Victoria M. Patton - A Secret That Will Rip a Tight-Knit Community Apart
If Victoria M. Patton isn't using her Forensic Chemistry degree and her time in the Coast Guard to figure out where to bury the bodies and write about the murders, she is more than likely hanging with her husband, her two dogs, and two cats. Her teenagers want nothing to do with her. If she has any free time, she binge-watches Hulu and YouTubeTV, usually with a glass of whiskey. Check out her blog Whiskey and Writing where she tries to help new authors navigate the indie publishing world. As our Author of the Day, she tells us all about her book, Innocence Taken.
Please give us a short introduction to what Innocence Taken is about.
Besides being a great forensic thriller about a serial killer in a small rural community, it takes the reader on a roller coaster of emotions. Something I don't think is in a lot of thrillers. It also has some funny humor, and a cat named Coach that seems to be a huge fan favorite.
What inspired you to write this story? Was there anything in particular that made you want to tackle this?
I have a degree in Forensic Chemistry and spent time in the Coast Guard, so I used my Law Enforcement background and my degree to fill some time while I was a stay-at-home mom. I was also reading a lot due to knee surgery and thought I could write a book, so I did.
Tell us more about Lt. Damien Kaine. What makes him so special?
He is a right-or-die kind of guy. He does the right thing even though it may get him in trouble for not following procedure. He cares about the dead more than he should and is often driven to protect those around him at all costs. He thinks he knows best, even when he doesn't. But in the end, he does it all to help, never to hurt. He's also sexy as hell, and why not? I'm not sure where it has been written that you can't have sexy in thrillers.
Why did you decide to combine forensics and police work with humor and romance?
I spent a lot of time around cops/detectives/FBI and other law enforcement groups. And I saw some pretty gnarly things in the Coast Guard. Often, a way for law enforcement or military members to deal with the atrocities they see is to use humor. And often that sense of humor is warped and laced with sarcasm. It seems to fit these characters. But It also gives my reader a break. I take my characters to some pretty rough emotional places, so the humor helps keep the reader engaged and I hope, brings some reality to this series.
Besides writing, what other secret skills do you have?
I have an ability to recall conversations verbatim from months, even years, ago. It really pisses people off. I can't recall why I walked into the kitchen, but a conversation from a year ago, no problem. I can also make myself invisible.
What did you have the most fun with when writing this book?
For me, the research. Sounds so boring. But I called my local medical examiner's office (where I did my internship) to ask a bunch of odd questions. Several times he asked me why I wanted to know this, and what I was doing. I'm pretty sure he thought I was going on a murder spree. I kept waiting for the FBI or police to show up at my door.
Do any of your characters ever take off on their own tangent, refusing to do what you had planned for them?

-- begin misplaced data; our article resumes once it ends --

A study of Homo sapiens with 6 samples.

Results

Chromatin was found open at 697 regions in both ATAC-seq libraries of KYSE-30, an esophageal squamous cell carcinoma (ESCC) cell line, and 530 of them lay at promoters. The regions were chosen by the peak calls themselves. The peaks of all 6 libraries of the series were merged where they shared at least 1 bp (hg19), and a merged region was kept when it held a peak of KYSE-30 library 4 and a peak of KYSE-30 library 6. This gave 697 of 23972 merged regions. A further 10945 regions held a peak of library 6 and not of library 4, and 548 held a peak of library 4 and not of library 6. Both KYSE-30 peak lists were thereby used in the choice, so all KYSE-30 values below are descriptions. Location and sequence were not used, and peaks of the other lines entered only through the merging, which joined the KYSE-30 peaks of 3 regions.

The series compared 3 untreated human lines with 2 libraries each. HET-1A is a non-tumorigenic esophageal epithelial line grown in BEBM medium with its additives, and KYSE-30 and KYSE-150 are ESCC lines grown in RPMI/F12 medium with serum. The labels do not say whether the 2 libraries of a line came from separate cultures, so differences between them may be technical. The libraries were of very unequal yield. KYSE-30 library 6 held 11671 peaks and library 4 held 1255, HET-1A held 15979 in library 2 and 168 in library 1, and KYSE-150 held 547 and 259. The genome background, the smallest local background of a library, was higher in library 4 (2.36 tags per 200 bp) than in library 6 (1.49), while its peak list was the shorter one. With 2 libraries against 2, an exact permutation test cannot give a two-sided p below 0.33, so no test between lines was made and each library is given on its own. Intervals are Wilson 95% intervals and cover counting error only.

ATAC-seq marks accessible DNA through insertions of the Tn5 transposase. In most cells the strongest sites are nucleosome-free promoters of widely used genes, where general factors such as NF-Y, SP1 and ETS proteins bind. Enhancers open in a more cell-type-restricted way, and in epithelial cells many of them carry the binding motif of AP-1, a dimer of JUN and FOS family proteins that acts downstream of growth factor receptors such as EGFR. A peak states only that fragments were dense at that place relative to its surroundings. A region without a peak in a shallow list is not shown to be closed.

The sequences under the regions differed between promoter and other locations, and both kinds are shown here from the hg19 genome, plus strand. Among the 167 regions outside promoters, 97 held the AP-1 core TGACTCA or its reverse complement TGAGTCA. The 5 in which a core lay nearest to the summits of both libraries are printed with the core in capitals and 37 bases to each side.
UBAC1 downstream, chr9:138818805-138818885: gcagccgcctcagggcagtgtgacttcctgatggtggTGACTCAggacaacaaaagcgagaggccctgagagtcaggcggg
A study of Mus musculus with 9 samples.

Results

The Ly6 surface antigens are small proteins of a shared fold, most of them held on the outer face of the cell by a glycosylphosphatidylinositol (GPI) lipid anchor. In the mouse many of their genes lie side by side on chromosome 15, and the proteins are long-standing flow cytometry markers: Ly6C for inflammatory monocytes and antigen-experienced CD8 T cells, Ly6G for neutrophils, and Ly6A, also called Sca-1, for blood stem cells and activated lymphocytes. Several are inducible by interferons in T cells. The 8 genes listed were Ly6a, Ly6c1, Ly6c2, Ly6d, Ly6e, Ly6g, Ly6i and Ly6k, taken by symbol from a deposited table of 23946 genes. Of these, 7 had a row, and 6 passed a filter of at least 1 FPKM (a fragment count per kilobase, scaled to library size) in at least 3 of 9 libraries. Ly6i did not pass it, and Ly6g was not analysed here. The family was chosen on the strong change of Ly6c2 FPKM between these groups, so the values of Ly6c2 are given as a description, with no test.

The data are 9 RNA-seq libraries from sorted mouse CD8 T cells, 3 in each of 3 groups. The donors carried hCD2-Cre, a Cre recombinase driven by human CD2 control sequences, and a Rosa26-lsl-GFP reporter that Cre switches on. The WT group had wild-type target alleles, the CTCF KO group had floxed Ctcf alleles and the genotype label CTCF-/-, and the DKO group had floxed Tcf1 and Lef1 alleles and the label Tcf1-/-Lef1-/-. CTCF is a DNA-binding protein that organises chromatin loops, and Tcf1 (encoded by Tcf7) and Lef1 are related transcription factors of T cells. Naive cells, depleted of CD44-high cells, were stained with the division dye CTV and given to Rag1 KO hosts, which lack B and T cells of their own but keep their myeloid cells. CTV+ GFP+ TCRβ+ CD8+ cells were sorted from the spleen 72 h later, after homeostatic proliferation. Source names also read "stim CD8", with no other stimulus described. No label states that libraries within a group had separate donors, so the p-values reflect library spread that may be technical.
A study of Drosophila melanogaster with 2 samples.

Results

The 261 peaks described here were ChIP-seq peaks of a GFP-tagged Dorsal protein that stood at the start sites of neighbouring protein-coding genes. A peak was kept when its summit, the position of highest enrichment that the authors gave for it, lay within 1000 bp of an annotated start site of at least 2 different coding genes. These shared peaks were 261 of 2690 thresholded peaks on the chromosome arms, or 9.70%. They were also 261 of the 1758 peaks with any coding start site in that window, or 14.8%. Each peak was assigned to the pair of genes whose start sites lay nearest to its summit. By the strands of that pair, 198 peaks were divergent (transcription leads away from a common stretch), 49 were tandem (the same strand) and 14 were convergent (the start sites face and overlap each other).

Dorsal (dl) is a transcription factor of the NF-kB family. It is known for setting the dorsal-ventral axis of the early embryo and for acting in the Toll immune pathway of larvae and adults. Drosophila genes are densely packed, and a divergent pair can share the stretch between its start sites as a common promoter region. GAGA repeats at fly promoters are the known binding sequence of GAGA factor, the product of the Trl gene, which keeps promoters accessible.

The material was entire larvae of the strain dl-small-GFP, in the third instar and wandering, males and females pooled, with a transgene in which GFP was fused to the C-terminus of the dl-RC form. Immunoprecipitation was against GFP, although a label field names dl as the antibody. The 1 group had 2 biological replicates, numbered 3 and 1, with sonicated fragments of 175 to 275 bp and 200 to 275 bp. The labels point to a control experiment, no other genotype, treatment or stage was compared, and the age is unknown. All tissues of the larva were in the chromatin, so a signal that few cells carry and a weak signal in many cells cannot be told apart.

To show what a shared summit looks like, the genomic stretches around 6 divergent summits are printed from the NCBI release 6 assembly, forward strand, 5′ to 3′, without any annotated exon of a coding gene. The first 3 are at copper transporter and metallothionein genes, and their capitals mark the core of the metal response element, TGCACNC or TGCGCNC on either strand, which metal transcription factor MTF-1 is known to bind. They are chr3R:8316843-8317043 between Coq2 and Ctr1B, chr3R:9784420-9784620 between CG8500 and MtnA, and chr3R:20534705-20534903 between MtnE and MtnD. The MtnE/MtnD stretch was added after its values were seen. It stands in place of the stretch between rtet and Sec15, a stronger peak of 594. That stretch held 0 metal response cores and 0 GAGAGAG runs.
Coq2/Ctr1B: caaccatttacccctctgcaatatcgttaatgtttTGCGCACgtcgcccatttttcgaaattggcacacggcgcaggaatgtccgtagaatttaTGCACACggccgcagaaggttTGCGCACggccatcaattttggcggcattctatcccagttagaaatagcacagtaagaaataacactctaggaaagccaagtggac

All the time. It is very frustrating.
How much of your work experience has made it into your book?
I use a lot of my life and work experience in my books, with equal parts being my imagination. Which makes my family a little nervous at times.
Cool cover. Tell us more about how it came about.
I had a definite idea for a retro feel to the covers. Using the black and white photos makes them stand out a tad more in the sea of thriller books.
Innocence Taken forms part of a series. Can it be read as a standalone? How do the other books in the series tie in with this one?
Each book is standalone because the murders / or cases are solved. However, the characters develop as you move through the series. So you get more of a feel for the characters by reading the books in order. With that said, I do give enough background in each book, so if someone picks up the book in the middle of the series, you will have a good understanding of how the characters got to where they are.
When starting on a new book, what is the first thing you do?
Plot out the killer and why he is killing. Then I figure out the victims. From there, I craft the story.
Do you have any interesting writing habits? What is an average writing day like for you?
I listen to music while I write. If I don't have to drive, (so mostly at night), I will drink whiskey (sometimes wine) while I write. If I go to my favorite cafe, I drink way too much hot tea. I write a lot during the day. I start with coffee or tea. Get my social media done, or any advertising, then I sit and write. I don't answer calls or check email or anything else while I write. I turn my music up sort of loud, and I wear headphones to block out any distractions.
What are you working on right now?
Damien Kaine Book 6 and the 3rd book in my Derek Reed series. I am also outlining a horror-thriller series (think Constantine meets The Da Vinci Code) and another series with a bad-ass female protagonist. (Think Atomic Blonde meets the Equalizer.)
Where can our readers discover more of your work or interact with you?
My website is the best place to start. https://www.whiskeyandwriting.com. Next, they can find me on Facebook @WhiskeyandWriting and on Twitter @VictoriaMPatton. I can be emailed at [email protected]. I answer all my emails. I have no assistants or robot responses. I love to hear from readers.